Five years after leaving the Times -- after an illustrious 15-year career that included sharing in a 2002 Pulitzer Prize -- former reporter Chris Hedges has finally come completely clean about his political biases: he is a socialist.
For those who regularly attack the Times for its liberal leanings, Hedges has handed over some serious ammunition in the form of an essay he published yesterday on a website called truthdig.com. In it, Hedges declared his political philosophy in no uncertain terms:
The Democratic and Republican parties have become little more than squalid clubs of privilege and wealth, whores to money and corporate interests, hostage to a massive arms industry, and so adept at deception and self-delusion they no longer know truth from lies. We will either find our way out of this mess by embracing an uncompromising democratic socialism—one that will insist on massive government relief and work programs, the nationalization of electricity and gas companies, a universal, not-for-profit government health care program, the outlawing of hedge funds, a radical reduction of our bloated military budget and an end to imperial wars—or we will continue to be fleeced and impoverished by our bankrupt elite and shackled and chained by our surveillance state.
Shackled and chained! Sounds bad.
These views probably don't come as much surprise to those who've followed Hedges's career closely. He left the Times in 2003, shortly after making a virulent anti-war commencement speech at Rockford College that led to a critical Wall Street Journal editorial. Since leaving the Times, Hedges has written several books -- including, most notably, "War Is A Force That Gives Us Meaning," a 2002 book that became a finalist for the National Book Critics Circle Award. Hedges's outspoken leftist views have filtered through much of his work since leaving the Times, including several books on religion.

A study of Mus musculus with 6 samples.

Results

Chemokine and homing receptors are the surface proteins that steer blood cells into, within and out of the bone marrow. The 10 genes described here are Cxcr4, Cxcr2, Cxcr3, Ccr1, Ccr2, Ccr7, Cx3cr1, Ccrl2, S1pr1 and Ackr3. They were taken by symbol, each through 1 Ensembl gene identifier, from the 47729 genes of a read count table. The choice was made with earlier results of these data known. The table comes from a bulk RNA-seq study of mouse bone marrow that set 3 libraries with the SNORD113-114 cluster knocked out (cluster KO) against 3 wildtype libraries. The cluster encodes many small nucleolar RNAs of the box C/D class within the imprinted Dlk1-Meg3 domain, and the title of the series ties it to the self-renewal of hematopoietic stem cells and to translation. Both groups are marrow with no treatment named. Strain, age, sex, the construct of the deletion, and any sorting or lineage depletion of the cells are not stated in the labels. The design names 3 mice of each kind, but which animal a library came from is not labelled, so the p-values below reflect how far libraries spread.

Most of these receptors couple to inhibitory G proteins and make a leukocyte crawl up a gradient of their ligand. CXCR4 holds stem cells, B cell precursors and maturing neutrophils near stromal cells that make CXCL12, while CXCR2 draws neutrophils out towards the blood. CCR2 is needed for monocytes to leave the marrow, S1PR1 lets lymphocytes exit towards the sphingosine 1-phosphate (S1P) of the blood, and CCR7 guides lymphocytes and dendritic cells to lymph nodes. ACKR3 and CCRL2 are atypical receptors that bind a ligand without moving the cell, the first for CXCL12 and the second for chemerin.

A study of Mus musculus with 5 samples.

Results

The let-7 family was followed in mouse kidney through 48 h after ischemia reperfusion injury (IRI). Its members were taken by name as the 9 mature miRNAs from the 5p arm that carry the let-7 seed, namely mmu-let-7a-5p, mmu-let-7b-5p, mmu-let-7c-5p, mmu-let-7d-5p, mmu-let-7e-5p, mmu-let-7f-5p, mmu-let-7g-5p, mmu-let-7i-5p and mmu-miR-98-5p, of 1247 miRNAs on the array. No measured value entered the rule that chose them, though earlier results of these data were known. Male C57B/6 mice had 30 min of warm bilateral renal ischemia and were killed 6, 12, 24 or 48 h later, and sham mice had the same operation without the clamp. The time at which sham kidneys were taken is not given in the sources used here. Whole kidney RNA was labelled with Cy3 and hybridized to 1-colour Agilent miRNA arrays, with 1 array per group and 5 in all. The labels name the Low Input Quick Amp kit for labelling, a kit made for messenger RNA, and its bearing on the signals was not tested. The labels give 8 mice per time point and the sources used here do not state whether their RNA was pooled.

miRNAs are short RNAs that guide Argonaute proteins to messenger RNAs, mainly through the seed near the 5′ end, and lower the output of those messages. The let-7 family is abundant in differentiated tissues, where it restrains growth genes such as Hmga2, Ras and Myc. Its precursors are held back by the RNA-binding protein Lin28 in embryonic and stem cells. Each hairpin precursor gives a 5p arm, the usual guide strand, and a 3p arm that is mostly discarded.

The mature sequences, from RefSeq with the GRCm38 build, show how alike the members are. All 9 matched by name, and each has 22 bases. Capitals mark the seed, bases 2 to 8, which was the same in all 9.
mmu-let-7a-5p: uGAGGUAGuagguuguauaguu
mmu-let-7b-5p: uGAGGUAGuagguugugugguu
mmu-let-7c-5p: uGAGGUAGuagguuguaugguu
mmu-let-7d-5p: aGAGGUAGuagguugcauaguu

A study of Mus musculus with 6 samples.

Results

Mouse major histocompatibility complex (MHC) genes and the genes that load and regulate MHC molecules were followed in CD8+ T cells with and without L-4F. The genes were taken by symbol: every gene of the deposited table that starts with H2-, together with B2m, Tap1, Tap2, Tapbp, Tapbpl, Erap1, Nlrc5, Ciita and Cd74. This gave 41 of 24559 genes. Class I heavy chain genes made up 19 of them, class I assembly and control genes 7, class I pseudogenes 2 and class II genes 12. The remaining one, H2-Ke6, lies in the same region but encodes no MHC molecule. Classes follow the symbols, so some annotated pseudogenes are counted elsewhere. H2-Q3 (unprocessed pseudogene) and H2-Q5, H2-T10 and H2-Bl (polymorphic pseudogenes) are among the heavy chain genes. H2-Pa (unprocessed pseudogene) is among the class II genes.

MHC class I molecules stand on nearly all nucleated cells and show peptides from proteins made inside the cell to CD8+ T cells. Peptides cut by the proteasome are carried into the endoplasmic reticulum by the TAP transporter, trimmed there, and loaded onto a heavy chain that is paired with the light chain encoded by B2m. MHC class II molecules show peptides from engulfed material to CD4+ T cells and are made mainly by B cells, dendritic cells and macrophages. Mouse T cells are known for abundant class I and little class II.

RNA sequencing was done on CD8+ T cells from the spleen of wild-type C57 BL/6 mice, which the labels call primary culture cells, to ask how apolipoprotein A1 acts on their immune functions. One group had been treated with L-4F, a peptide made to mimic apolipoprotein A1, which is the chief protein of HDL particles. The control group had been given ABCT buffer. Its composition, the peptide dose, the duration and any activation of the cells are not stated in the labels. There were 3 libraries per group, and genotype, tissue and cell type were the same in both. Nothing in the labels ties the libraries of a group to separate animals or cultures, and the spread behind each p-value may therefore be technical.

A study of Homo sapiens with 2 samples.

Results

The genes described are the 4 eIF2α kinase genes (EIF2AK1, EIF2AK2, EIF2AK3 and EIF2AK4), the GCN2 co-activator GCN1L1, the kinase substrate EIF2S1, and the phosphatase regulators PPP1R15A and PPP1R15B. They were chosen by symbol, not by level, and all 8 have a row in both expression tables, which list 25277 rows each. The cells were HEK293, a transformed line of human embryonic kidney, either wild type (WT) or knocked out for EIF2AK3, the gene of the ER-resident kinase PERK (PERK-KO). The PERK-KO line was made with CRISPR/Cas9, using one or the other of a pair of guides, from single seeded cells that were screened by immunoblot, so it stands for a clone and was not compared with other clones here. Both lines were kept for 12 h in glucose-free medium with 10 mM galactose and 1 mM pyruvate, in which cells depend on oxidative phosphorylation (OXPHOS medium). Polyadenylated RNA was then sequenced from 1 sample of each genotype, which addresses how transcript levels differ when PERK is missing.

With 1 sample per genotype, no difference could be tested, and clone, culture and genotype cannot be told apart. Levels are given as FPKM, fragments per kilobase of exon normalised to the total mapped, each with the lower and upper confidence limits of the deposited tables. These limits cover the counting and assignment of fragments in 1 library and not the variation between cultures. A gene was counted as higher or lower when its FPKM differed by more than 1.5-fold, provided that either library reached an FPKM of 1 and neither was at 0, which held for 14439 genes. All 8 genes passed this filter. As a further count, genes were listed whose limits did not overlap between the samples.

But Hedges's socialist declaration yesterday marked the most heated political commentary yet from the former Times reporter, who took on capitalism in his essay with the same vehemence he once reserved for George Bush:
Corporations have intruded into every facet of life. We eat corporate food. We buy corporate clothes. We drive corporate cars. We buy our vehicular fuel and our heating oil from corporations. We borrow from corporate banks. We invest our retirement savings with corporations. We are entertained, informed and branded by corporations. We work for corporations. The creation of a mercenary army, the privatization of public utilities and our disgusting for-profit health care system are all legacies of the corporate state. These corporations have no loyalty to America or the American worker. They are not tied to nation states. They are vampires.
Life must be tough for Hedges. The Times is, of course, a corporation; he must have been seriously chafing under the shackles of the corporate overlord during his days on West 43d Street. It couldn't have been any easier for Hedges to hold the Anschutz Distinguished Fellowship at Princeton in the spring of 2006; Philip Anschutz, who helped endow the chair in 1997, is a well-known financier of conservative Christian causes, was recently ranked as the 31st-richest person in America by Forbes Magazine, and helped fund the 1992 Colorado constitutional initiative that overturned laws prohibiting discrimination against homosexuals.
It's tough to be a socialist in the United States these days. We wish Hedges the best of luck.